While many people pursue academic careers as full-time, tenure-track faculty, colleges and universities also employ significant numbers of adjunct faculty, either full time or part time. Some people use these adjunct positions as a pathway into a more permanent academic position, while for others they are a long-term second job or a temporary part of their career path. In this panel, three women who have held a variety of adjunct positions spoke about their experiences and gave advice to those interested in adjunct positions.
In the panel’s discussion, the speakers highlighted that someone who wants to be an adjunct needs to love teaching, since that is the primary role of adjunct faculty. Even at a research university, an adjunct position is not intended to be a research role, although it may allow someone to make contacts with those in research labs. Furthermore, adjuncts need to be flexible and able to respond quickly. All three of the women had, on several occasions, only learned of an opportunity to teach a few days before the class started. And finally, they emphasized that they pay scale typically was not very high, and that someone who expects to earn a large paycheck from teaching will be very disappointed. However, all three of the panelists found their experiences teaching as an adjunct to be personally rewarding.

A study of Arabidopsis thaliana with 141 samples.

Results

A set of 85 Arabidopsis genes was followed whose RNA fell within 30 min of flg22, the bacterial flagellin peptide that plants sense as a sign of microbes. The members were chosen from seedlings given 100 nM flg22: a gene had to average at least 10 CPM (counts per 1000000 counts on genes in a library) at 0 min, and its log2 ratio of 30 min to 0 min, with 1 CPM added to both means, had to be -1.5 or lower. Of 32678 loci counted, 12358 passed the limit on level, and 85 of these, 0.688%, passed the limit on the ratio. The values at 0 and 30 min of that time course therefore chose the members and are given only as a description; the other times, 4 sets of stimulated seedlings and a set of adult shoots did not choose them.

Diane L. Peters, P.E., Ph.D. is currently a Senior Control Systems Engineer at LMS International. She has taught as an adjunct at both a community college and a regional university.
Anne M. Lucietto is currently a graduate student at Purdue University. She has extensive industry experience, and has taught as an adjunct for over 25 years at a variety of colleges and universities. Most recently, she has been developing and delivering on-line courses in the community college environment.
Cheryl Hanzlik, formerly employed by Xerox Corporation, is a confocal microscopy technician and adjunct faculty member at Rochester Institute of Technology.